Clinical Consult: Evaluation and treatment of encopresis

Encopresis imageConstipation is a common presentation in pediatric primary care. A diet rich in fiber and fluids, exercise and extra time for bowel movements is the first line of treatment for the condition that affects three percent of children worldwide.

But when constipation leads to encopresis, children suffering with fecal soiling not only experience physical discomfort, it may impact a child’s psychological or social wellbeing.

Boston Children’s Hospital’s gastroenterologist Leonel Rodriguez, MD, MS, with the Division of Gastroenterology, Hepatology and Nutrition, tackles this issue and offers tools to evaluate and manage encopresis in the primary care setting.

Diagnosing encopresis

According to Rodriguez, encopresis is a clinical diagnosis and obtained via physical exam and a thorough history.

“When you do a physical exam and feel a mass, the child probably has fecal impaction,” he says. “Then you know why the child is having accidents.”

He also says there is usually no need for x-rays. “It’s important that the diagnosis is clinical and not by x-ray because it is not uncommon for a patient to have abdominal pain, get an X-ray and we see stool there but that does not mean it is the cause,” he says.

Treatment options

  • Demystifying the diet. Many believe a diet rich in fiber is the most important treatment for encopresis. Although diet plays an important role in a child’s digestive function, children with encopresis need more.

“Pediatricians understand diet plays an important role but once you get to the point of significant encopresis, diet isn’t enough and most times we need to introduce other medications,” he says.

Medication is recommended to accelerate the bowel transit and expedite colon recovery process. Note: It’s important for clinicians to stress to parents and caregivers that these products should ONLY be used at the recommendation of a trained health care provider.

  • Start with the softeners. Rodriguez suggests lactulose (a non-absorbable sugar) or Miralax, because they are designed to soften stool. “We need to make the stool soft so they don’t have large, hard bowel movements that promote withholding behavior,” he says.

Both medications are easy to give to patients, not too difficult to titrate, are commercially available and consider safe.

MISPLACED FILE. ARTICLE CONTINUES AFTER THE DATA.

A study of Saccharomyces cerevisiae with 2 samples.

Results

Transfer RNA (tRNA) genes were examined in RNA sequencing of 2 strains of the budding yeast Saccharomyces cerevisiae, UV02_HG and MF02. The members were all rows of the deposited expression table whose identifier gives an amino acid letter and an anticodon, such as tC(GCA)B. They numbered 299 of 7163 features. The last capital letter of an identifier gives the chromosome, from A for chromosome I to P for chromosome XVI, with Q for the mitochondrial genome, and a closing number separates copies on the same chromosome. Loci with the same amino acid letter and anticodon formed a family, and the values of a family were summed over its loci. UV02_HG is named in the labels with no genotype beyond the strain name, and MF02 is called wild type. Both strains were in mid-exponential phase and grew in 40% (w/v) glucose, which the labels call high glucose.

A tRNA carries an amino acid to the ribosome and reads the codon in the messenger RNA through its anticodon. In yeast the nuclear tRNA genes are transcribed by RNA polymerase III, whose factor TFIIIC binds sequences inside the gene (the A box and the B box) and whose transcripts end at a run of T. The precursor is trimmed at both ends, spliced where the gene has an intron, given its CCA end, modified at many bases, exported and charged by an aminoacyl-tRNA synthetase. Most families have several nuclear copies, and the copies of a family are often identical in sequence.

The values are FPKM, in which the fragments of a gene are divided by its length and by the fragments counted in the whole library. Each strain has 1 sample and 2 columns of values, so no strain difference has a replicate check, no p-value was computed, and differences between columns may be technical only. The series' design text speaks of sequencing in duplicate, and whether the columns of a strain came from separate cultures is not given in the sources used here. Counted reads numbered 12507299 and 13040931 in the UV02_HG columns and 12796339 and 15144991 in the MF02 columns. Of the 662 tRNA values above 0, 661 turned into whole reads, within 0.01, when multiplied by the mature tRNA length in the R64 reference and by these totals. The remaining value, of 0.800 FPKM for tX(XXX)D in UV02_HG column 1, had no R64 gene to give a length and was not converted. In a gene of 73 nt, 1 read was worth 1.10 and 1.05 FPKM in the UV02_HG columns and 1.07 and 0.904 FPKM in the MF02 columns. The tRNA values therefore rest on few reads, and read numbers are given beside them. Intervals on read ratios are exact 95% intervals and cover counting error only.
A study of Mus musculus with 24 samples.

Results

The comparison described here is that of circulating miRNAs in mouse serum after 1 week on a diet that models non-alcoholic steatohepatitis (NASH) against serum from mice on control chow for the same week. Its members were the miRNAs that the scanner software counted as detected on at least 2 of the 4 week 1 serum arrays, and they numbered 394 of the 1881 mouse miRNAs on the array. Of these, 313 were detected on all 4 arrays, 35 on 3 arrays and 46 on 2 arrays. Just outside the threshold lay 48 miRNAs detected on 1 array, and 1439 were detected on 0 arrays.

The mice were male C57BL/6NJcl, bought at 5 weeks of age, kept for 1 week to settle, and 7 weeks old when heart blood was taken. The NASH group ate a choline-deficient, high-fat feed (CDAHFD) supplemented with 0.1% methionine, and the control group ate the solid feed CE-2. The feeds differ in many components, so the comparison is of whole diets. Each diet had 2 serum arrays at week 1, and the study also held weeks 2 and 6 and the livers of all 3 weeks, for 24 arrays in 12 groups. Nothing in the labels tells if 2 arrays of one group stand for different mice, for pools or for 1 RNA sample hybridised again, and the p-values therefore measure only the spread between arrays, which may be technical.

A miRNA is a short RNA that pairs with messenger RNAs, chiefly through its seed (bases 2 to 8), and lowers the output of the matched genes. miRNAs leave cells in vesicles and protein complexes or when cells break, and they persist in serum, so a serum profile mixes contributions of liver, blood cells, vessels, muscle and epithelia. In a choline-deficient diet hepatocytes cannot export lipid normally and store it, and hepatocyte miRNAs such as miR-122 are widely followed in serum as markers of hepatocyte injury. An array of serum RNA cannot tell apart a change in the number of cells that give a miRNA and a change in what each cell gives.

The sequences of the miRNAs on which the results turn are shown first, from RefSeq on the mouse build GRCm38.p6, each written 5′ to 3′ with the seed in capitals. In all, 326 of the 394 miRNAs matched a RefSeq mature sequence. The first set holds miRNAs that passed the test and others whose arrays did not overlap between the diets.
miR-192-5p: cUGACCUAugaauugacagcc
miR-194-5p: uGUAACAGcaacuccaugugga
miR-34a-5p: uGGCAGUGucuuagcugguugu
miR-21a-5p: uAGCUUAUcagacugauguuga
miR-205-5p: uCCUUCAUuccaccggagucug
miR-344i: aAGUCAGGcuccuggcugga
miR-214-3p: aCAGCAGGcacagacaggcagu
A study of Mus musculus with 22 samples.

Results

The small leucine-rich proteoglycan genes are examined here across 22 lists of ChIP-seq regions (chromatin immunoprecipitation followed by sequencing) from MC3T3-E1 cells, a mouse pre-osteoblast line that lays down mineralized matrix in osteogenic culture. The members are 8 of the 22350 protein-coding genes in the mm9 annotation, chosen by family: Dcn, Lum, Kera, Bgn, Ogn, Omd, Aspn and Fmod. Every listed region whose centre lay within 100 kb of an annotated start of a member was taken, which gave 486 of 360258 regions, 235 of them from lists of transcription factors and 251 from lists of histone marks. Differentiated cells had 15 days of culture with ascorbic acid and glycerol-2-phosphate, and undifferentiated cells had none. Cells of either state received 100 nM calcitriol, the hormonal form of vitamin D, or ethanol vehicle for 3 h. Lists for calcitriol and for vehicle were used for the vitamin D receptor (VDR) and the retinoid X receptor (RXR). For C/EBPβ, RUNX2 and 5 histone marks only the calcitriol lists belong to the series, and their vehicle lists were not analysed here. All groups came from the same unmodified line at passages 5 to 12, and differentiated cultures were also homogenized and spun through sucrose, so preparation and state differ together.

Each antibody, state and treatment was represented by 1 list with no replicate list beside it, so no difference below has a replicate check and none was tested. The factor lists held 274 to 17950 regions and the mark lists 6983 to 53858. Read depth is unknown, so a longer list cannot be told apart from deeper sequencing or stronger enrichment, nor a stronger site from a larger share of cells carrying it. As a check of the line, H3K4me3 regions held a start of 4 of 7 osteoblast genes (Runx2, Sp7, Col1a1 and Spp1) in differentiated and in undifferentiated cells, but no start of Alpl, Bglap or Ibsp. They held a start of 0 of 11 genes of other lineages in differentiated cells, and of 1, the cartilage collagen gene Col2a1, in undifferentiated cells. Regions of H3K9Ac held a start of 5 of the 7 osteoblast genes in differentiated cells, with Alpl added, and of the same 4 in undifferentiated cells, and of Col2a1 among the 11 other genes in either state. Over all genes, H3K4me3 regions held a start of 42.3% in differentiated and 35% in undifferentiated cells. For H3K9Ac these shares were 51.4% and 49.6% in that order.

“Some children do better on lactulose than Miralax and vise versa,” Rodriguez adds. “Or you can potentially switch in between these medications within the same category depending on tolerance and preference.”

  • Mineral oil and other lubricants: Rodriguez suggests shying away from using mineral oil in patients with respiratory problems due to potential side effects.We don’t use lubricants such as mineral oil because there is the potential for a child to aspirate if vomiting which increases the risk for pneumonia,” Rodiguez says.
  • Stimulants: This form of treatment is used as an “add-on” medication and typically recommended for patient that doesn’t respond to softeners. “We rarely use stimulants as a single medication,” Rodriquez says. “Stimulants are given to patients who are not quite emptying completely and a stimulant will promote bowel emptying.”

Treatment is long term

Once you reach the point of having encopresis, it is a chronic problem and will not be solved in a few weeks. “We treat some patients at Boston Children’s over a four-to-six month period until things get better,” Rodriguez adds.

The goal is to recover bowel and colon function and find the child’s baseline. Once this has been achieved, slowly wean the child off the medication regimen. “We don’t abruptly stop the medication because the encopresis will likely come back,” he says.

Realistic expectations

Everyone has their own “normal,” and not all of us are designed to go to the bathroom everyday. It is important for patients and families have realistic expectations.

“If the child is having soft bowel movements, no accidents and going three-to-four times a week, that’s enough,” Rodriguez says. “We don’t have to over medicate to make sure they go once a day.”

When to refer a patient to a specialist

If the patient exhibits red flags including significant abdominal distention despite appropriate use of after stool softener or stimulants, and the child is still passing large, hard bowel movements, Rodriguez recommends the child be seen by a gastroenterologist to make sure there isn’t an anatomical issue.

“If the child is not responding to medication, I suggest sending them to a gastroenterologist to make sure there isn’t a colon motility problem, with the anal sphincter or other issue,” he says.

Psychological affects of encopresis

If a child is soiling, especially if they are having accidents at school, the child may become emotionally upset leading to feelings of shame and embarrassment.

“Encopresis not only impacts the child, it impacts the whole family because the parents get embarrassed and they often reprimand the child,” Rodriguez says. “That is why is important to establish a proper treatment in a timely fashion to avoid further psychological consequences.”